Discussed July 2020
By Sean Stewart
Buy Clouds End from Amazon.com
Dramatis Personae, Abridged
|On Clouds End
Shandy, the Witness
Stone, the Trader
Stick, very old
Seven, a hero
Craft, a shipwright
Pond, a lady
Reed, a singer
General Hazel Twist
|In the Forest
Rowan Hilt, heir
|In the Mist
The Gull Warrior
Jo, a haunt
- Did you finish the book?
- Did you like the book? Why or why not?
- Did you connect to the characters in Clouds End? Did you understand their motivations? Did you find one perspective more compelling than the others?
- Clouds End is in many ways a conventional quest fantasy—but the quest is completed three-quarters through the novel. Did you find the conclusion to the quest satisfying? How did you feel about the pacing and the decision to devote so much time to the denouement?
- From the title (Clouds End = Bag End, the place of beginning and homecoming) to the last line, which is taken verbatim from The Return of the King, Clouds End wears its Tolkien connection on its sleeve. "The plot structure of the book is explicitly modeled on The Lord of the Rings," Stewart explained in interview. Did you notice the Lord of the Rings references? Did you appreciate them, or find them distracting?
- Referencing Tolkien's Catholicism in the same interview, Stewart says, "I began Clouds End with the idea that all truly great works of fantasy are sourced in a moral and indeed religious vision [which] left me, as an atheist . . . in a bit of a fix. Clouds End is an attempt, among other things, to write a Great Fantasy Novel sourced in the moral view of the latter twentieth century."
Does he succeed? In what ways does Clouds End reflect late twentieth century morals?
- Like Tolkien, Stewart's magic is vague and numinous, not systemized or carefully defined.
Did you enjoy this aspect, or would you have preferred more explanations and rules?
- As Brook is training as Witness, she goes on an impassioned rant about stories: "Stories are not true. They are not real. They are about this wonderful place, the Mist. Everything is exciting there and everything has a reason and everything works out. So you get . . . discontented with the real world. You start thinking it's boring. . . . I still think most stories hurt more than they help." Shandy challenges her to "Make better ones." What does it mean for something to be a "better" story? How did you feel about Stewart's decision to consistently reinforce the value of the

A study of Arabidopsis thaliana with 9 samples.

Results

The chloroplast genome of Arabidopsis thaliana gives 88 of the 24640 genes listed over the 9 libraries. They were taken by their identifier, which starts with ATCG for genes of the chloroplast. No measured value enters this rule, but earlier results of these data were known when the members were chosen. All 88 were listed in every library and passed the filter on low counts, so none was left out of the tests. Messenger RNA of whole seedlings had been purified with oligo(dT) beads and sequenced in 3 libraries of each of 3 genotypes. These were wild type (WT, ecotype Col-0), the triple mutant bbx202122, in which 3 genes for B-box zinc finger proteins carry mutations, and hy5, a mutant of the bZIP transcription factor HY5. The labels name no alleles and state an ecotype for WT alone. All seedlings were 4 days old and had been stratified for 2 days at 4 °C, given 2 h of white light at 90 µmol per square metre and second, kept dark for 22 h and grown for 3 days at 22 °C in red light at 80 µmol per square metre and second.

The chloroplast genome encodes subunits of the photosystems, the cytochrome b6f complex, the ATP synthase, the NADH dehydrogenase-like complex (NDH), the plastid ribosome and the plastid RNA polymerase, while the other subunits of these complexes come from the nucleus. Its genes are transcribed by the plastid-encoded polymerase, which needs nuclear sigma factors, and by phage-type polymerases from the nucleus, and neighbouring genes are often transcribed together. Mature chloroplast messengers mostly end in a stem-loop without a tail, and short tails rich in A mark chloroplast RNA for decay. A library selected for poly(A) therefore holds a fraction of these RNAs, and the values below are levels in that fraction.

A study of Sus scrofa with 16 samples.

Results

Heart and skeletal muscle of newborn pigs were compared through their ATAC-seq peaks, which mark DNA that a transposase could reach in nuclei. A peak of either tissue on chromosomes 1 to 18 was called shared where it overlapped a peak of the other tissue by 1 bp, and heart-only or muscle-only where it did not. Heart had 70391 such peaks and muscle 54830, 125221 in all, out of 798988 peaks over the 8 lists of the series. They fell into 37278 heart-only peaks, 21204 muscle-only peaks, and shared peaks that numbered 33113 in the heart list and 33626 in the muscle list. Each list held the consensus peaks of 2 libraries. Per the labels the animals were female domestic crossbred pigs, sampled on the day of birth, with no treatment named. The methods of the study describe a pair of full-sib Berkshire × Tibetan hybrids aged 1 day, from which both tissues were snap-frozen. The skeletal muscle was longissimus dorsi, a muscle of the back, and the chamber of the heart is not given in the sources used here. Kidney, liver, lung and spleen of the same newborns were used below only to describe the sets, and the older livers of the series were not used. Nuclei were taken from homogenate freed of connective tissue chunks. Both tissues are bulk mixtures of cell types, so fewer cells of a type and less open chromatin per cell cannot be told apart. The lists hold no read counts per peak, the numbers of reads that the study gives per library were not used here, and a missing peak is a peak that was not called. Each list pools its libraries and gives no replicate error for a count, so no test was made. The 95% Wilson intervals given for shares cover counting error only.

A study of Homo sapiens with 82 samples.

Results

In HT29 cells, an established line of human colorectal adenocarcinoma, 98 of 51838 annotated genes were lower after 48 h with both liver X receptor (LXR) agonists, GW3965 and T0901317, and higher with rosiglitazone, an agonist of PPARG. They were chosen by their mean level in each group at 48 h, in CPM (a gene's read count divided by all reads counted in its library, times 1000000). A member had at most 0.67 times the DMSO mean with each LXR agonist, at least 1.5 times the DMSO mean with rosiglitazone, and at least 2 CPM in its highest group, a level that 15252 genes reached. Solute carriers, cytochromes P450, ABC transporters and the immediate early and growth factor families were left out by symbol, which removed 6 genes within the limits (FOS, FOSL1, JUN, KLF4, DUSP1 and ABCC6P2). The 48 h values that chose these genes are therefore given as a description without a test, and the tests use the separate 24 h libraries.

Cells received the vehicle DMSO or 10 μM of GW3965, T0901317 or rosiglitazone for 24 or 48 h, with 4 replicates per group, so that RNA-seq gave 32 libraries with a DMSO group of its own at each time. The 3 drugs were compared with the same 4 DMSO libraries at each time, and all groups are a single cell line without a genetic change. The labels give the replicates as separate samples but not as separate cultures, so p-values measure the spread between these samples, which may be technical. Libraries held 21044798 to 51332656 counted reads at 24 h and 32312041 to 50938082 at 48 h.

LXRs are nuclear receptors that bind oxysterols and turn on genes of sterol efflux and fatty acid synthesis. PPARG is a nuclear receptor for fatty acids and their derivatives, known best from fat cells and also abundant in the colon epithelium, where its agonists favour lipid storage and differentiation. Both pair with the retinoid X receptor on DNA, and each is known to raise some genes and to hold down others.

mundane over the magical in Clouds End?
- Brook does attempt to make a "better" story, The Seventh Wave. Did you enjoy it, or any of the other stories-within-a-story that pepper the book? Was Brook's revisionist story noticeably
different from the other tales?
- The book concludes with a fight between Brook and Jo over which of them will get to
continue living out her life as Brook. Which Brook do you think wins?
- Clouds End is one of the earliest novels Stewart wrote, written in his early twenties, although it was published later, midway through his career. Have you read other books by Stewart? Would
The interview referenced is "Autocannibalistic Tradition and the Individual Talent: An Interview with Sean Stewart," Alex Irvine, Journal of the Fantastic in the Arts, 1999, Vol. 10, No. 3, pp. 262–275.